One Simple Trick to Save Big On Your Mortgage
By: Yael Grauer
According to a 2012 study* performed for the Department of Housing and Urban Development, comparing multiple quotes can save you big. The study found that someone borrowing $200,000 saves thousands simply by considering 4 mortgage quotes. That’s why it’s important to understand how to become a “savvy shopper” and find the best mortgage rates.
What’s the trick to saving big on your mortgage?
A new study finds working with multiple mortgage brokers when shopping for a mortgage can be beneficial for the buyer, according to research conducted by financial economist Dr. Susan Woodward, a former chief economist of the U.S. Securities and Exchange Commission and Dr. Robert Hall, Professor of Economics and Robert and Carole McNeil Joint Hoover Senior Fellow at the Hoover Institution at Stanford University.
“A model of effective shopping shows that borrowers sacrifice at least $1,000 by shopping from too few brokers. Borrowers who compensate their brokers with both cash and a commission from the lender pay twice as much as similar borrowers who pay no cash,” the paper reads.
The study, titled “Diagnosing Consumer Confusion and Sub-Optimal Shopping Effort: Theory and Mortgage Market Evidence,” used data from a sample of mortgages insured by the Federal Housing Administration during a six-week period in 2001. The loans were all 30-year fixed-rate mortgages with no prepayment penalties. “FHA bears essentially all of the default risk, so pricing of default risk is not a concern for wholesale lenders and mortgage brokers,” the study reads.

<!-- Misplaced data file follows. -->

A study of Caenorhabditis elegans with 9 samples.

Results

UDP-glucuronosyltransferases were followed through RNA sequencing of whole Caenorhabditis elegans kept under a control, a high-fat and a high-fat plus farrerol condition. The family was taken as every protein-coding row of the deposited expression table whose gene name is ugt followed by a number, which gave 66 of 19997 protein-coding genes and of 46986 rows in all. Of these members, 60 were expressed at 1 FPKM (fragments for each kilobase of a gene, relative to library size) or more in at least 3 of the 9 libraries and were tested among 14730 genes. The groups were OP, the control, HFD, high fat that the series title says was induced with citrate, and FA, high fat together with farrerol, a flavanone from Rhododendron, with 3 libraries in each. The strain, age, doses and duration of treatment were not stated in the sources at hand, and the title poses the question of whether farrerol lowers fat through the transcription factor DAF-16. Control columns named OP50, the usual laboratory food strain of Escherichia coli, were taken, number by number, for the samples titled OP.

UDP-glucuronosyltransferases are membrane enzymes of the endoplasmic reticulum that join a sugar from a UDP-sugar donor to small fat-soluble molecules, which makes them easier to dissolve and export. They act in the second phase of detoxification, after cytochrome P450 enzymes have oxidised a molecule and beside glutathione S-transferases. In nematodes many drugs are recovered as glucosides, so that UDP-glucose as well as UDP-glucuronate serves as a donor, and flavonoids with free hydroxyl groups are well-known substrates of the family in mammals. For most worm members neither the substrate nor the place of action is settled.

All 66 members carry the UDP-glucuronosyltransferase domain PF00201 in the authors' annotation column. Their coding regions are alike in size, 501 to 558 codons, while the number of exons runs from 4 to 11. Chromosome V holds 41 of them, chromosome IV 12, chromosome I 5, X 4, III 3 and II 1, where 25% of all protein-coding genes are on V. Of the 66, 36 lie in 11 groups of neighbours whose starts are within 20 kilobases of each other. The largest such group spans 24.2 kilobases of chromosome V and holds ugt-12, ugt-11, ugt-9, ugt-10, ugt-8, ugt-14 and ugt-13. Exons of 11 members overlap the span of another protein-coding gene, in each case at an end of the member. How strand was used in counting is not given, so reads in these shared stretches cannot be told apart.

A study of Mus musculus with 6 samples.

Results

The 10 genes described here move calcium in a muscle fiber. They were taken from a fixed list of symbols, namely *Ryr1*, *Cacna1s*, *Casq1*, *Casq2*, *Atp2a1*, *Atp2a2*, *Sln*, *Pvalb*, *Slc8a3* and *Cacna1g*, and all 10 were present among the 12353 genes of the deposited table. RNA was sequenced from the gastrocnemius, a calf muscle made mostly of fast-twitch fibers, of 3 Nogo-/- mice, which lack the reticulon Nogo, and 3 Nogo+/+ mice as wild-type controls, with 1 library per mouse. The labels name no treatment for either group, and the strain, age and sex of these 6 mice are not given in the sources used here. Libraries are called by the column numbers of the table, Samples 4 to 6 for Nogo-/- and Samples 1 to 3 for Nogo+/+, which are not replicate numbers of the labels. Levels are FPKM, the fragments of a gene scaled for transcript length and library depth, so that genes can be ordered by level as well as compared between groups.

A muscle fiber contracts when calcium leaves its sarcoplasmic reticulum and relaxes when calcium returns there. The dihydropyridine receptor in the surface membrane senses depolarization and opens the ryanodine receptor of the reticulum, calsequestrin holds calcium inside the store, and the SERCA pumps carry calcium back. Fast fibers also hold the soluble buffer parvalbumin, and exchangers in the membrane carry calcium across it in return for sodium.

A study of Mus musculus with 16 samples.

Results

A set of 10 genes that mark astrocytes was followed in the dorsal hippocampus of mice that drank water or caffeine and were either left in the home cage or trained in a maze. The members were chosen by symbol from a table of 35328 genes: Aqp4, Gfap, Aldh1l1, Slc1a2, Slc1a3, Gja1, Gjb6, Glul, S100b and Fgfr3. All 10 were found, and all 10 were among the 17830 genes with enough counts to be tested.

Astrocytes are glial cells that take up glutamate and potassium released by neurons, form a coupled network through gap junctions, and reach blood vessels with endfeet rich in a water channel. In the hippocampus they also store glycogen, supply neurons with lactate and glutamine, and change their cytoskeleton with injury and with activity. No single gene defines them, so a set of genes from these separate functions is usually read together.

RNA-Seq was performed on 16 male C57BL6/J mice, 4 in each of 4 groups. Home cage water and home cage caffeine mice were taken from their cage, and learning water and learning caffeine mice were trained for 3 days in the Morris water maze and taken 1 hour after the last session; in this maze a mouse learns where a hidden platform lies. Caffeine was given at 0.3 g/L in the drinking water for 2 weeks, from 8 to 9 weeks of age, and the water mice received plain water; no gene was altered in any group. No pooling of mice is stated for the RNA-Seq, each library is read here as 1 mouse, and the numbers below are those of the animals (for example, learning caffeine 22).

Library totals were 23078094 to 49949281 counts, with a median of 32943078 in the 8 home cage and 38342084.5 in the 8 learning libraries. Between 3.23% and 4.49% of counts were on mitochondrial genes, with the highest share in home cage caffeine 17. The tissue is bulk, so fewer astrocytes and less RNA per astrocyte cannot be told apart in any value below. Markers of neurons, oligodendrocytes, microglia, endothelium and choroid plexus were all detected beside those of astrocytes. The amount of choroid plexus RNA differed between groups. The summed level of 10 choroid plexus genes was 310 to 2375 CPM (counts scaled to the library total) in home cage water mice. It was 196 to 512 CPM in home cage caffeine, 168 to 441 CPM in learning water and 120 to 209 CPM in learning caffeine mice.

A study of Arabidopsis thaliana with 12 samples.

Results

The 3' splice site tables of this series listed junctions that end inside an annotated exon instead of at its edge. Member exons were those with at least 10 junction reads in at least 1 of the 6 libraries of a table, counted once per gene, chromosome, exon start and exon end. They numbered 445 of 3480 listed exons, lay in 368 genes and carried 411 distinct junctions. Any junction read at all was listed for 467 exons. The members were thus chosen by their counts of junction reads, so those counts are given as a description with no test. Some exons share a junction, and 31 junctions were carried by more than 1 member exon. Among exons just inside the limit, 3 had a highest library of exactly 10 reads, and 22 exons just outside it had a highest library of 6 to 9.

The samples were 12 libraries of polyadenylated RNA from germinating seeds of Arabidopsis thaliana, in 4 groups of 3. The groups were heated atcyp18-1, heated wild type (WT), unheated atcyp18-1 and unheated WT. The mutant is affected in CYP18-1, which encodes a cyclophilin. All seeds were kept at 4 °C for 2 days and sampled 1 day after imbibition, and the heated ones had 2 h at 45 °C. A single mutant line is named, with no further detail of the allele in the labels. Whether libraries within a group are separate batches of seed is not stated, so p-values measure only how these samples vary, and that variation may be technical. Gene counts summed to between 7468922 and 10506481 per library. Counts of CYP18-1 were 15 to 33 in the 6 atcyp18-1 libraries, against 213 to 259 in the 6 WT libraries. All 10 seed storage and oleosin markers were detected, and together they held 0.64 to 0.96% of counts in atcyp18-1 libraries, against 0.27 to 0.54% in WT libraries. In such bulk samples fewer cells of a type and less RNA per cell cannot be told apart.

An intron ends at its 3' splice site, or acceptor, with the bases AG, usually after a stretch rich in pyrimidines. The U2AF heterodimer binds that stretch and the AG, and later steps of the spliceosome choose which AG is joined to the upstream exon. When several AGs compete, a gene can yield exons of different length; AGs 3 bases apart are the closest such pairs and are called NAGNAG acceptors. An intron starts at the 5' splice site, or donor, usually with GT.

“Most borrowers could save $800 by getting a second quote, $1,300 by getting a third quote,” says co-author Woodward. This doesn’t necessarily mean the final quote will always be the best one, but some buyers go back to lenders with higher proposed prices to beat the lower prices they’ve received. A small but savvy minority (about 10 percent of borrowers) is aware that up-front cash fees don’t always need to be paid to the lender. Being aware of that can help borrowers find much better deals.
Borrowers need to understand how brokers are compensated, according to the study, to save the most money. As the study concludes, “ Brokers seem to have mastered the art of dissuading their customers from doing the kind of shopping that comes naturally for other expensive purchases.”
The study also yielded other surprising results, according to Woodward, who was surprised to learn that people with better education receive better offers.
“It is a big difference — about $1,500 on even modest loans, for a college degree vs. high-school-only,” she says. “These cannot be premiums for default risk, since someone else was taking the default risk in all the loans we analyzed.”
The bottom line, according to Woodward and Hall’s research, is that “mortgage borrowers could save really a lot of money by shopping harder.”